Ranch Hand
 
 
The first part is about owning things - understanding that everything you import to your software is effectively becoming your responsibility. If your software fails, and the 3rd party library causes that failure, your clients don't care if it is your code or not. So due diligence when picking 3rd party libraries (or not picking a library at all and re-implementing a small part that you need would be a solution for that).
The second problem that is covered in the "Keeping up to date with trends vs. cost of maintenance of your code" chapter focuses on the issue of jumping into "trendy" new technology. Doing so may be problematic for your application because the new framework may not be mature and may not fit your context.
 
 
 
Frank Carver
 
 



I suspect our team is somewhat unusual but we run a regularly-scheduled job to check for outdated dependencies and we generally update everything as a matter of course (after carefully checking the release notes!). We have a few libraries that are "old" -- where there's a breaking change across versions and we haven't scheduled the time to adapt to that -- but in general, we keep everything on the latest versions as much as we can.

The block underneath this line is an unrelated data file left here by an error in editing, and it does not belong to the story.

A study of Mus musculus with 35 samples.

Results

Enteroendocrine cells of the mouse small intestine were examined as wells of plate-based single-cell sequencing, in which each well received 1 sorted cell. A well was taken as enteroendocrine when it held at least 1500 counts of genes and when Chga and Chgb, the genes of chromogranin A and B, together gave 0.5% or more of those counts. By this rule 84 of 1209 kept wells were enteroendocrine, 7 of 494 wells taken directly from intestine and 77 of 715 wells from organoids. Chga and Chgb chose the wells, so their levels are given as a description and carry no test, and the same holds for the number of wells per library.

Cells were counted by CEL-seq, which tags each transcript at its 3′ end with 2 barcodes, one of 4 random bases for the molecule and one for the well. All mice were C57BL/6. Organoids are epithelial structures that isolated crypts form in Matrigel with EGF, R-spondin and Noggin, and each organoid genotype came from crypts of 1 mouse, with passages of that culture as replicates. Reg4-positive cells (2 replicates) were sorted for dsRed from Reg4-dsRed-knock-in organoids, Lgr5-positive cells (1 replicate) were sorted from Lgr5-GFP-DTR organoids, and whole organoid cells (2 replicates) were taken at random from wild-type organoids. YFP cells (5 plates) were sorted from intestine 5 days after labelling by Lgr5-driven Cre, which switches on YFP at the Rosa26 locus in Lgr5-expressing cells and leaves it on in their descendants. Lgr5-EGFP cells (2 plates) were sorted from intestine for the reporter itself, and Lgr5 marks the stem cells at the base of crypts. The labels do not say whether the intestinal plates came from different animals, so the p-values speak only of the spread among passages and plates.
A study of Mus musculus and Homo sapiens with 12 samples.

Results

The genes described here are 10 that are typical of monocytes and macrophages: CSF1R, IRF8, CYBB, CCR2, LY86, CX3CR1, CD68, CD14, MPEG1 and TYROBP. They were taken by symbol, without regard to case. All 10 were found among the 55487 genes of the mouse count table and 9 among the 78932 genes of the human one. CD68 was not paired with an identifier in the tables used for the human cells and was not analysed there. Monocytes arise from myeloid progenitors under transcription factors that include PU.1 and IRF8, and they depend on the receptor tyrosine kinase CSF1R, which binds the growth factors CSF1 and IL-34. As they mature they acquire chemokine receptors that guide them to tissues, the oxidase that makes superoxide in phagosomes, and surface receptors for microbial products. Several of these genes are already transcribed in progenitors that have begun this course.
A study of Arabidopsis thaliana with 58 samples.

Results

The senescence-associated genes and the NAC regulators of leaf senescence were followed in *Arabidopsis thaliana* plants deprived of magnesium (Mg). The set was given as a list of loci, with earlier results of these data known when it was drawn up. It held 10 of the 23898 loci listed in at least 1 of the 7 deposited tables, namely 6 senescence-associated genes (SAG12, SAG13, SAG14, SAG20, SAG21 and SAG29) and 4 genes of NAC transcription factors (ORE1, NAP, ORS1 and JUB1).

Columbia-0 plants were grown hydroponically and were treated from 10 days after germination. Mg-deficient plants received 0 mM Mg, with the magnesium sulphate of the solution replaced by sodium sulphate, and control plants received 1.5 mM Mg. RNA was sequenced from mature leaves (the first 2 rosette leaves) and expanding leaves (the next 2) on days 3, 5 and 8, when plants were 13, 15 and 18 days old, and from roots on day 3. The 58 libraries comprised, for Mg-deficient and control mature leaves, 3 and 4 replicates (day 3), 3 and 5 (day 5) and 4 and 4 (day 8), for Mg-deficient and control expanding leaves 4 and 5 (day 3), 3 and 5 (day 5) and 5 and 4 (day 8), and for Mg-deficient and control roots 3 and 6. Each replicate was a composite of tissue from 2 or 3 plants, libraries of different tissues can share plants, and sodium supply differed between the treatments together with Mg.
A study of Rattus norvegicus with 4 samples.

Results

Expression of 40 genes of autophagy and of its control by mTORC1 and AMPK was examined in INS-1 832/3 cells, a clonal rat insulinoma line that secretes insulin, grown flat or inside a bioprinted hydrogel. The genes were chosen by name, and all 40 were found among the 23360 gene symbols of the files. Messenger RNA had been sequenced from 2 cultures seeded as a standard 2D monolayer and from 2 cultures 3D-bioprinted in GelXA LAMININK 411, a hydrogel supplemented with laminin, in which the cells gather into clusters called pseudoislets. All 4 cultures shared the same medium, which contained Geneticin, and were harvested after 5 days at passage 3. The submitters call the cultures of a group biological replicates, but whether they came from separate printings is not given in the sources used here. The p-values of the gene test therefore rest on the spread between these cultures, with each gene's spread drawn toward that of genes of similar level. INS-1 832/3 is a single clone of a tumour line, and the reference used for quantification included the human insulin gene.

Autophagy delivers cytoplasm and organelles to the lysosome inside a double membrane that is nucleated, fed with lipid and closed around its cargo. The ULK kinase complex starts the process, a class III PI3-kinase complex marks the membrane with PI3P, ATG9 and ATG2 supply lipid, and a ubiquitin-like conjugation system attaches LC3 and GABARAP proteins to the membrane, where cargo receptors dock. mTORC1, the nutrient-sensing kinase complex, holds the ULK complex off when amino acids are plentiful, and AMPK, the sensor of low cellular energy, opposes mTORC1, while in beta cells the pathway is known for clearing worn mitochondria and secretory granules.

The upside to this is that library updates are generally "easy" because we're only updating a few at a time and they're nearly all patch-level changes. It also means we often avoid CVEs that get discovered in older versions of libraries.

Of course, every now and then, a patch-level update contains a breaking change -- I'm looking at you netty-socketio!